More than half the mortgage products available in the UK can now be taken out for 40 years instead of the historic lifespan of 25 years.
The financial website Moneyfacts says 51% of all mortgages are now offered over 40 years, up from just 37% five years ago.
It blames higher house prices for the change because of the need to extend the length of the loan to keep repayments down to an affordable level following the tougher affordability rules introduced by the Mortgage Market Review (MMR) in 2014.
Recent research by Santander showed that more than 3 million extra first-time buyers would be able to get on the first rung of the property ladder if they opted for a 40 year term.
But experts warn that opting for a longer term deal can be a two-edged sword with borrowers signing up for short term affordability with the consequence of paying much more interest in the long run.
Difficulties in saving for a deposit has meant that the average age of the first-time buyer has risen above 30 so borrowers can look forward to repaying their loan well into their 70s and possibly into their 80s.
Darren Cook of Moneyfacts said: “Historically, a standard mortgage term generally amounted to a period of 25 years, but most products are now available to be extended for a period of 40 years.
“By extending their mortgage term, borrowers may be looking to reduce their monthly repayments and therefore are more likely to meet strict affordability requirements.
Not only are the number of mortgages at a maximum term of 40 years increasing, but the number of products at max 25-year terms and 30-year terms are decreasing.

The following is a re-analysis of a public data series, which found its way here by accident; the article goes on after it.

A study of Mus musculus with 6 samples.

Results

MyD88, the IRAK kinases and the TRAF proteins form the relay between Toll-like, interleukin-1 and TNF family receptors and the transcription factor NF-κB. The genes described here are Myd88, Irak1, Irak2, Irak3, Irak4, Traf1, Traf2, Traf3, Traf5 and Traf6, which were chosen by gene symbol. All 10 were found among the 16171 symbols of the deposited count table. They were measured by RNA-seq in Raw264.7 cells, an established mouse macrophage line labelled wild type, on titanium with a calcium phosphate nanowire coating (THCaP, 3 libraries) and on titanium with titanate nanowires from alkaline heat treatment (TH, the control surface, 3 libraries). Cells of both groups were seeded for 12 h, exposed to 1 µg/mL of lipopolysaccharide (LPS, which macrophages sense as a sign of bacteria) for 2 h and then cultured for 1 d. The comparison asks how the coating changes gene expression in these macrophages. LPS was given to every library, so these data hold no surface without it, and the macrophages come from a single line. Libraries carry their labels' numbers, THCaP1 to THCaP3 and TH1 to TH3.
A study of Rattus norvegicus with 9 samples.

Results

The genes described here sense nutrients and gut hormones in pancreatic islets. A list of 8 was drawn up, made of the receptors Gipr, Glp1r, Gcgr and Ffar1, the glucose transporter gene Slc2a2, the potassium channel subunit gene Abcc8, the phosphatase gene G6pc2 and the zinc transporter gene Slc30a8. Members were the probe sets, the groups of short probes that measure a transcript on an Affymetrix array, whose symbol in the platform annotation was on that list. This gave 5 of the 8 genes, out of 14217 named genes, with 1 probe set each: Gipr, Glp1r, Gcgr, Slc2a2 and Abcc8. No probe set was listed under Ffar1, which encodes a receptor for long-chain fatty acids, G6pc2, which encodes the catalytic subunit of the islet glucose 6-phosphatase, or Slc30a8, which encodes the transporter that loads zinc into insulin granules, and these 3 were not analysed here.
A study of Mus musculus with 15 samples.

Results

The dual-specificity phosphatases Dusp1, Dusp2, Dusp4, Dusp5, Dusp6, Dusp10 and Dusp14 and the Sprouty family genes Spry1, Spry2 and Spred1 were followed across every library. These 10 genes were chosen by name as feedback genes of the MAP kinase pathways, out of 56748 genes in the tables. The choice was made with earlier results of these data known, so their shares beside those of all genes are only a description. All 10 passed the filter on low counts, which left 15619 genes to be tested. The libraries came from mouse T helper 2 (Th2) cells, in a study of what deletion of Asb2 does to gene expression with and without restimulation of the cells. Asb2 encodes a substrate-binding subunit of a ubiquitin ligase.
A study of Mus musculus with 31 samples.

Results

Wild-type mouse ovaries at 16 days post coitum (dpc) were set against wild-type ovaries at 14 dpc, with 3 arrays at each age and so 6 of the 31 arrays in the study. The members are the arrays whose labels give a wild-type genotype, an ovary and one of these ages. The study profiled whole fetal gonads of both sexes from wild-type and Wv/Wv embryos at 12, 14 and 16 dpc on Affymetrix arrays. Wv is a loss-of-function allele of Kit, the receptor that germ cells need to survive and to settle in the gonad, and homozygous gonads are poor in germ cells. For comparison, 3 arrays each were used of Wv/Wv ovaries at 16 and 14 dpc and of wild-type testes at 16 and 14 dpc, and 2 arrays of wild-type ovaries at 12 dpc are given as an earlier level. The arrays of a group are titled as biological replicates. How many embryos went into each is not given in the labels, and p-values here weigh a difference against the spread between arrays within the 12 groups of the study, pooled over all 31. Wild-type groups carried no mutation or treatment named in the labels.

“A longer-term mortgage may reduce the monthly repayments of a mortgage, however, the additional interest that accumulates over an extended mortgage term could be considerable.
“A £200,000 repayment mortgage at a rate of 2.5% over 25 years equates to a monthly repayment of £897.23 and total interest payable would be £69,169 over the term.
“However, the same mortgage taken over a 40-year term would reduce the monthly repayments down to £659.56, but increase the total interest to be paid to £116,588 – an additional £47,419.”
Personal finance specialist Becky O’Connor said: “There are big risks to having secured borrowing in your name once you are past a certain age, not least the risk of health problems that prevent you from working, or the need to stop working to care for relatives.
“To spare yourself stress in later life, it is worth keeping your repayments as high as you can afford early on in the mortgage term. Paying off as much of your mortgage as you can in the early days will reap dividends later on.”